Four Types of Automotive Paint Finishing
Your car's paint job works to protect the body of your vehicle from the spread of rust and corrosion, but it is also a main contributing factor to the aesthetic appeal of your car. While all types of automotive finishing perform the same function, there is a great deal of variety in appearance. Understanding what the main types of automotive paint finishing are, and how they differ from one another, can help you choose the one that is the best fit for your vehicle.
Solid finishes are the most common type of paint job that are applied to vehicle. It's basically just a single coat of paint with a protective, clear finish on top. They are the most affordable type of automotive finish that you can have applied on your vehicle, but their real advantage is that any scratches or damages to the finish can be easily matched and covered up, ensuring that your vehicle maintains a clean aesthetic even across multiple finishing jobs.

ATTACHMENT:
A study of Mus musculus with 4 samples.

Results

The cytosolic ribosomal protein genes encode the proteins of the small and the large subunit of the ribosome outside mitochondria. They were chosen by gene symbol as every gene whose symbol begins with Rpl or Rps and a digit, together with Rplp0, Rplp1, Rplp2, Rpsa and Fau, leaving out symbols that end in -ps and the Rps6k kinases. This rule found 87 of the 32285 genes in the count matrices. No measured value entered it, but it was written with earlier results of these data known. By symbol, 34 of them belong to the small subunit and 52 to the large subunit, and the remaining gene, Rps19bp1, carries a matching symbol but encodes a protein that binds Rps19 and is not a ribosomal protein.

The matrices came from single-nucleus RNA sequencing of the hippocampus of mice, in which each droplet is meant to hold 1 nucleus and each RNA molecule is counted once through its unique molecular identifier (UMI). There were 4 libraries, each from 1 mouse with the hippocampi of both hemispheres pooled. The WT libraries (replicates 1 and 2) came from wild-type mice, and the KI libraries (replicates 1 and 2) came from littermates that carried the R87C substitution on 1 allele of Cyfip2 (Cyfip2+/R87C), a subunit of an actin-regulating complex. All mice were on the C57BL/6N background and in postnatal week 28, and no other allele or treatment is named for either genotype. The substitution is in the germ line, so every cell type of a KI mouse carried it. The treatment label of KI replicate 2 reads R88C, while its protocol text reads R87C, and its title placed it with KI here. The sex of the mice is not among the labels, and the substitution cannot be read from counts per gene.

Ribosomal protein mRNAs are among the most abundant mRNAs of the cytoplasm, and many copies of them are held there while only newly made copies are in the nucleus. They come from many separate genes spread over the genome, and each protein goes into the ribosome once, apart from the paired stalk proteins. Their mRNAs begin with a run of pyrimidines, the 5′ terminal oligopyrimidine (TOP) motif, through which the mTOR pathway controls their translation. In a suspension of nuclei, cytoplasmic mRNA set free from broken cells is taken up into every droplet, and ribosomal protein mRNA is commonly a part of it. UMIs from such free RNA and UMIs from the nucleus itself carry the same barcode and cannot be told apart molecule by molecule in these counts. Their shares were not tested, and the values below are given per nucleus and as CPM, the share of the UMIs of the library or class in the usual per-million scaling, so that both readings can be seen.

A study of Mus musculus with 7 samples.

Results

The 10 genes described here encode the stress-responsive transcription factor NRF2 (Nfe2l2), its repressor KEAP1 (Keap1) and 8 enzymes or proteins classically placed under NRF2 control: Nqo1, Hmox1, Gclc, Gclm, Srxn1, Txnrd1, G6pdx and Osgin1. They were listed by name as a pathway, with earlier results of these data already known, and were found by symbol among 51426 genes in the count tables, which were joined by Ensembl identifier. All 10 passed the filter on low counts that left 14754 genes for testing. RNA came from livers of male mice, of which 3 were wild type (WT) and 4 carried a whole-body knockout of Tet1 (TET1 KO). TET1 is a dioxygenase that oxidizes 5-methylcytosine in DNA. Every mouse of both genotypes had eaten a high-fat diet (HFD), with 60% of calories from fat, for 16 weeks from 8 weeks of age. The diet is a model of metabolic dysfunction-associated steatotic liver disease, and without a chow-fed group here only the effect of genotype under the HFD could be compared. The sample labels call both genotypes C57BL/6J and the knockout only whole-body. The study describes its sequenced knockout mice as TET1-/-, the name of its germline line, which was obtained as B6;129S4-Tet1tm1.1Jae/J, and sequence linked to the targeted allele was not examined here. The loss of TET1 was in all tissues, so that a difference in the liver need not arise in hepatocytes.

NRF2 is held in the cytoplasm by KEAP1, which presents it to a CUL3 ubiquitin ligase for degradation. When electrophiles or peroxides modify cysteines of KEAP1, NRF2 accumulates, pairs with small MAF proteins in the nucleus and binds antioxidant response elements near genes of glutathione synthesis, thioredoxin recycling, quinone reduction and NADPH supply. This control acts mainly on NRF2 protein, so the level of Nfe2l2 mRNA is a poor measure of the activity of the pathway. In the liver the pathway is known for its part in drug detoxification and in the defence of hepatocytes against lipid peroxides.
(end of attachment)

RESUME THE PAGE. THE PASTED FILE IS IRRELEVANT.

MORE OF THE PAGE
Metallic finishes are made out of normal automotive body paint that is mixed in with a metal powder, which is usually aluminum, to provide a reflective flair to the exterior of your car. This reflective nature can help mask minor dings and dents that can occur through normal wear and tear. However, it can be hard to match metallic finishes if any part of the paint job is scratched off in the future.
Pearlescent finishes are effectively the same thing as metallic finishes, except, instead of metal powder mixed in with the paint, ceramic crystal is used instead. This provides a finish that will alter depending on the angle that it is looked at, as well as the amount of natural light that it is exposed to. However, pearlescent finishes can be difficult to match if damaged, just like metallic finishes, and come with a slightly higher price tag.
Matte finishes, unlike metallic or pearlescent finishes, are non-reflective, creating a dulled, flat appearance. Most commonly, matte finishes will come in darker neutral colors and can provide a minimalistic appearance to the exterior of your vehicle. However, the main downside of matte finishes is that any damage to the finish will be highly visible, and since matte finishes are not shiny, marks and dings can't be simply buffed out. This means that the entire finish will have to be replaced to restore its appearance, which can be expensive.
If your car's finish needs to be repaired, go to your local auto body shop, like Powers Transmission Centers.